Three Ways To Cut Building Costs In The Design Process
Lean, green, and team were topics for discussion by Craig Beale, executive vice president and global healthcare director for HKS (Dallas), in a presentation to attendees at The 3rd Summit Forum of Chinese and Overseas Hospital Architects, part of the 15th Hospital Build and Infrastructure China Exhibition and Congress held June 21 to 23 in Nanjing, China.
Hospitals are energy hogs, second only to U.S. fast food restaurants in consumption. But the average hospital has the potential to save 30 percent of its energy costs through green design and sustainability. Most savings come from reduced heating and air conditioning costs.
Balancing energy savings versus return on investment is an important part of the design process, said Beale, who recommended looking at how buildings are structured for light, energy, and thermal efficiency. These factors, as well as at lighting and other environmental conditions, are essential not only to energy efficiency, but to the work-life environment.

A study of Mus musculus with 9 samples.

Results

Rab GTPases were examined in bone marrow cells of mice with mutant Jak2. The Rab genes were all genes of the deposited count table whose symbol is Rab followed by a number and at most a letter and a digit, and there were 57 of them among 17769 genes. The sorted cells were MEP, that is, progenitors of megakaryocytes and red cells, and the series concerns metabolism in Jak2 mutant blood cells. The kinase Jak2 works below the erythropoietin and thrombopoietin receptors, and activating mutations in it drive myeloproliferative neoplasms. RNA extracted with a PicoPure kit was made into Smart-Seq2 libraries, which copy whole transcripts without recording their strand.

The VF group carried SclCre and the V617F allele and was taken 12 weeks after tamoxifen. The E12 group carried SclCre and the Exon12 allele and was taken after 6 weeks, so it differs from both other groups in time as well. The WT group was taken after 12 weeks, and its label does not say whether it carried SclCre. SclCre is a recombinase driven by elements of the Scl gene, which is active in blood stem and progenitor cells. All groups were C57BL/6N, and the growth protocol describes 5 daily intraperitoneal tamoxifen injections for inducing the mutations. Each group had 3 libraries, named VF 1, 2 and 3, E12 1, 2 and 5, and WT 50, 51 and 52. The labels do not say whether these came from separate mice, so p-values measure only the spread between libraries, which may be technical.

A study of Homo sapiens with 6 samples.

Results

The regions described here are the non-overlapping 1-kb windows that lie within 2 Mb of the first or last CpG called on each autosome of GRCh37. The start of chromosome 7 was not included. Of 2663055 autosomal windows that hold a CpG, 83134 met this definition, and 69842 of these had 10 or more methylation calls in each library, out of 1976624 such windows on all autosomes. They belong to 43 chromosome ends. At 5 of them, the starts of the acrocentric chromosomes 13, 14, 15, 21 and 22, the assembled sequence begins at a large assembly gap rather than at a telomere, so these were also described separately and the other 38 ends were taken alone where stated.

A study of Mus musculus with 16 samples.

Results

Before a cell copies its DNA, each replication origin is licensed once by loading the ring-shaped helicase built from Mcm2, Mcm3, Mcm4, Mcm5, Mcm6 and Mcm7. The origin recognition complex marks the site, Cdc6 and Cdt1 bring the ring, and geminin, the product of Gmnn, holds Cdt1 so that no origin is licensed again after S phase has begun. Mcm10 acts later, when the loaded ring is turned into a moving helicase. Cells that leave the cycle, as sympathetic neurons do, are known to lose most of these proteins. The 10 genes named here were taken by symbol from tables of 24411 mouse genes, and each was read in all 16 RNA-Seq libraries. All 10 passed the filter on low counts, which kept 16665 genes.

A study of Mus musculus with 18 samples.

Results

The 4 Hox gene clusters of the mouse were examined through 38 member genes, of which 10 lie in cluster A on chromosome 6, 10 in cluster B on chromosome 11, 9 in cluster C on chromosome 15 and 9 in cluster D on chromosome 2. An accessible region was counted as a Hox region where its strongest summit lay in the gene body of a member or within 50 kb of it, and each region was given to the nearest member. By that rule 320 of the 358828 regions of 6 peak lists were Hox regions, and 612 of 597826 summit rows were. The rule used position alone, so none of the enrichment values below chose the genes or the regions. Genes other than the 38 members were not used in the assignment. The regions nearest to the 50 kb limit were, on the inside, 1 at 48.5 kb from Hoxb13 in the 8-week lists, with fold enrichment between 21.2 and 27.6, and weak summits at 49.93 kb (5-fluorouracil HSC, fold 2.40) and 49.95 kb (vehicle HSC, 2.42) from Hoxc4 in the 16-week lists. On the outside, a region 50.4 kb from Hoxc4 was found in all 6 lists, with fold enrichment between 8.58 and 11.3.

Beale then turned to focus on waste in the design and construction processes, citing 12 percent waste in manufacturing and more than one-third in design. The key reason for the waste, he said, is the misalignment of goals for each member of the typical project team: They all have separate goals and separate incentives.
Teams can save money by adopting Lean methodologies to eliminate waste and aligning goals, he urged. Advocating for integrated project delivery that not only combines teams with common incentives, common goals, and common outcomes, Beale emphasized the importance of bringing the design/build team on early in the process and at the same time.
Charlene Marietti is executive director of editorial initiatives for Vendome Healthcare Media, publisher of Healthcare Design. She can be reached at email@example.com.